Learn more about skills to help you succeed in your studies, such as time management, study skills, and test taking.

Time management

Time management is a key skill necessary to achieving your goals; if you don't have sufficient time to complete assignments, you're not going to do well. In addition to using your course outline to stay on track, here are some other suggestions:

  • Start to manage your time at the beginning of a course. Get or make a four month at-a-glance calendar so that you can see the big picture and post it in a prominent place.
    • List all study-related tasks that need to be done.
    • Think ahead. Starting early will allow you to get extra help if needed, and instructors are more likely to be willing to help if you haven’t left asking to the last minute. 
  • Break tasks into smaller, more manageable jobs. Smaller tasks are easier to tackle and give you a sense of accomplishment.
    • Estimate the amount of time each task will take. With practice you’ll get good at this, and it’s a very useful skill!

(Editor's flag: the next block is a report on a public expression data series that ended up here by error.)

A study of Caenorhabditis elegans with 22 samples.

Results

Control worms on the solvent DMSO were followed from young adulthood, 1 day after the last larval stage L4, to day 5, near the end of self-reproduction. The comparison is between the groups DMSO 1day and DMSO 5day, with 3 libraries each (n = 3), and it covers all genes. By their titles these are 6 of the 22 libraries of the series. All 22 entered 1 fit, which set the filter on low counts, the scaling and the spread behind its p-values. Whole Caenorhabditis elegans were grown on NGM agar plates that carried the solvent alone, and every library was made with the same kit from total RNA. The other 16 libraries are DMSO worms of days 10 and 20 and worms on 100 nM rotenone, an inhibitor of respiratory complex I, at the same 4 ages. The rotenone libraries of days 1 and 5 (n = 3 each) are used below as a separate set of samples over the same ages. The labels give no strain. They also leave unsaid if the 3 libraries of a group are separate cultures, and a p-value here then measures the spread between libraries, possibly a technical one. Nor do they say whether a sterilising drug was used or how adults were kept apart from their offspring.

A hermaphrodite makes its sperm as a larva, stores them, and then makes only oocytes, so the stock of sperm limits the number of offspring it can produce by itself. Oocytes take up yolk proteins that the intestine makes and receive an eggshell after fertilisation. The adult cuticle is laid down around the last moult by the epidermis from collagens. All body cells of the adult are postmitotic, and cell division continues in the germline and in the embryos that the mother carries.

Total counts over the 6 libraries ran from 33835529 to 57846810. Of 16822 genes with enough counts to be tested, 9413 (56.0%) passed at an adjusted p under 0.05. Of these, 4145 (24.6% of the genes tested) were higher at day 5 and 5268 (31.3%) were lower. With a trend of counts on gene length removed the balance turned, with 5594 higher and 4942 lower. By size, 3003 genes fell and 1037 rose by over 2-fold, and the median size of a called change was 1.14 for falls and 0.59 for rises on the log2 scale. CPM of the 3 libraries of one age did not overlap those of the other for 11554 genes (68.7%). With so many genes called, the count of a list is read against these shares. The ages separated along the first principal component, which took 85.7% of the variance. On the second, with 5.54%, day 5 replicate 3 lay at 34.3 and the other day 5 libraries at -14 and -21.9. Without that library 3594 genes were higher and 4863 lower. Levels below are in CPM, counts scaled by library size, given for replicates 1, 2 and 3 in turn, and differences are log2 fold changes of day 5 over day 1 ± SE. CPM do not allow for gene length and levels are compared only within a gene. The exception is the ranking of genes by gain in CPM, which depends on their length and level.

• Make a weekly schedule that indicates key tasks/dates for the coming week, such as the dates readings must be done by, when assignments are due, and when you must participate in an online discussion or class.
  • Use “to do” lists when you have a lot to do in a day and use the list to set priorities.
  • Use the best times for the most important/difficult/boring tasks e.g., if you're most awake and alert in the morning, do the most challenging task in the morning.
    • If you tend to procrastinate, do the most important task in the first available “good” time slot.
  • Take at least one 10 minute break for every 50 minutes of study.
  • Set beginning and end goals for each block of time, such as reading a chapter section or writing an outline. Having a specific objective to work towards can be motivating and you'll enjoy a sense of accomplishment when you reach the goal. 
  • Make the most of waiting time. If you're standing in line, riding a bus, or otherwise not doing anything but waiting, take advantage of that time to read or review materials.
    (Source: Roberta Mason, RRU)

For more great time management suggestions, please see the University of British Columbia's student toolkit on time management. If you tend to procrastinate, please see "Procrastination" for tips on how to get tasks done on time and without rushing.

More information

Creative Commons

Information within this guide was adapted from the University of Guelph's "A Guide to University Learning" and from information provided by Roberta Mason, Associate Vice-President, Student and Academic Services, Royal Roads University. These materials are licensed under a Creative Commons Attribution-NonCommercial 3.0 United States License.